The April 17, 2017, blast killed Mark Martinez and Joey Irwin, and severely burned Erin Martinez
Here is an excerpt from the Denver Post article:
“The federal investigation into the 2017 explosion that killed two people and destroyed a home in Firestone determined the likely cause was a natural gas leak through a pipeline that had been severed during construction of the home two years earlier.
The newly released report from the National Transportation Safety Board also blames, in part, local government approval of homes to be constructed on former oil and gas fields without complete documentation on the location of operator Andarko Petroleum Corporation’s pipelines.
‘Contributing to the accident was the approval by local authorities to allow occupied structures to be built on land adjacent to or previously part of oil and gas production fields without complete documentation from the operator, Anadarko Petroleum Corporation, on the location and status of its gathering system pipelines,’ the NTSB wrote.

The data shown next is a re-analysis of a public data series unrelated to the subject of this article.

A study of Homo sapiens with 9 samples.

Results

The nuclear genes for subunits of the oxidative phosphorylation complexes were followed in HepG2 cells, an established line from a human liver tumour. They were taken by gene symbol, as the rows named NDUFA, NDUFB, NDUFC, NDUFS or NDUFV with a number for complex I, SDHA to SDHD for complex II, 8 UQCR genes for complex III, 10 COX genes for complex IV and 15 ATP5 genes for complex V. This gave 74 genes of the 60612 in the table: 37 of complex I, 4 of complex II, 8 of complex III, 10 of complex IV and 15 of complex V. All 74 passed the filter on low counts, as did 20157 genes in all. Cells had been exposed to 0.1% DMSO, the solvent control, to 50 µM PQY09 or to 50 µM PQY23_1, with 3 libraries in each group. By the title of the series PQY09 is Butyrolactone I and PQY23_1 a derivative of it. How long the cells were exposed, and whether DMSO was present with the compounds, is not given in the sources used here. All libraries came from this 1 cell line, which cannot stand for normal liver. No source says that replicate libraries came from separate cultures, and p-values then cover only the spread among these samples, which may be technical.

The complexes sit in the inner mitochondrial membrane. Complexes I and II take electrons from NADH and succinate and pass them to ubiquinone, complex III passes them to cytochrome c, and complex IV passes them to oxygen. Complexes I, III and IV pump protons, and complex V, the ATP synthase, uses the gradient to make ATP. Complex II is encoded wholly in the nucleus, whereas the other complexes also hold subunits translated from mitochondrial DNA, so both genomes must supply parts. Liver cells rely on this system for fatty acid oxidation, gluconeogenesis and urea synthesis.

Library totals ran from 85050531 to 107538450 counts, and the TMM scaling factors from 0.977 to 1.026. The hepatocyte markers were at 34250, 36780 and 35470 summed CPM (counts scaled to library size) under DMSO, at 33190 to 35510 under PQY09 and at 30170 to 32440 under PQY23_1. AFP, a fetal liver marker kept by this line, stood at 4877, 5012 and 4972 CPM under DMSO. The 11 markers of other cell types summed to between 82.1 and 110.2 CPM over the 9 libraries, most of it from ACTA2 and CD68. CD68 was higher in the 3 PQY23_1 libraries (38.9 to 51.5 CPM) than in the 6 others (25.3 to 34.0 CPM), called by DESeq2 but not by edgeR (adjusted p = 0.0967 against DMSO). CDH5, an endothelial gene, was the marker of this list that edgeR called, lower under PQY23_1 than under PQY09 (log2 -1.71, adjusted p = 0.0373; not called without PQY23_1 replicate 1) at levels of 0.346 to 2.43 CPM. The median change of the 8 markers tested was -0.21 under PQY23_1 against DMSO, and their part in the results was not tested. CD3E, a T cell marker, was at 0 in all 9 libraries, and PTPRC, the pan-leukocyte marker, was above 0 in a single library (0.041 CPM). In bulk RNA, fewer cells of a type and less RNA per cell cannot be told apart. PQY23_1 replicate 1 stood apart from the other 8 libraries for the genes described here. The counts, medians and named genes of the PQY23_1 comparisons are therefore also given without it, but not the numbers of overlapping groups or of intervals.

The April 17, 2017, blast killed Mark Martinez and Joey Irwin and left Erin Martinez, Mark’s wife and Irwin’s sister, badly burned. Mark Martinez and Irwin were replacing a hot water heater in the home’s basement at the time.
Fire investigators later found a 1-inch diameter black plastic pipeline running from an Anadarko Petroleum well near the house that had been cut when a tank battery was moved before the Oak Meadows subdivision was built. That pipeline leaked the gas from a point six feet from the southeast corner of the house at 6312 Twilight Ave. in Firestone. Investigators said they found the gas valve at the Anadarko well in the “on” position.
In the wake of the explosion, Colorado leaders promised they’d do all they could to prevent a similar tragedy, including pledging a comprehensive public map of pipelines in the state. Thirty months later, as The Denver Post recently reported, that still hasn’t happened.
The NTSB completed its report on Oct. 18. It did not include any recommendations or directives for homebuilders, local government officials or oil and gas operators relating to the tragedy.”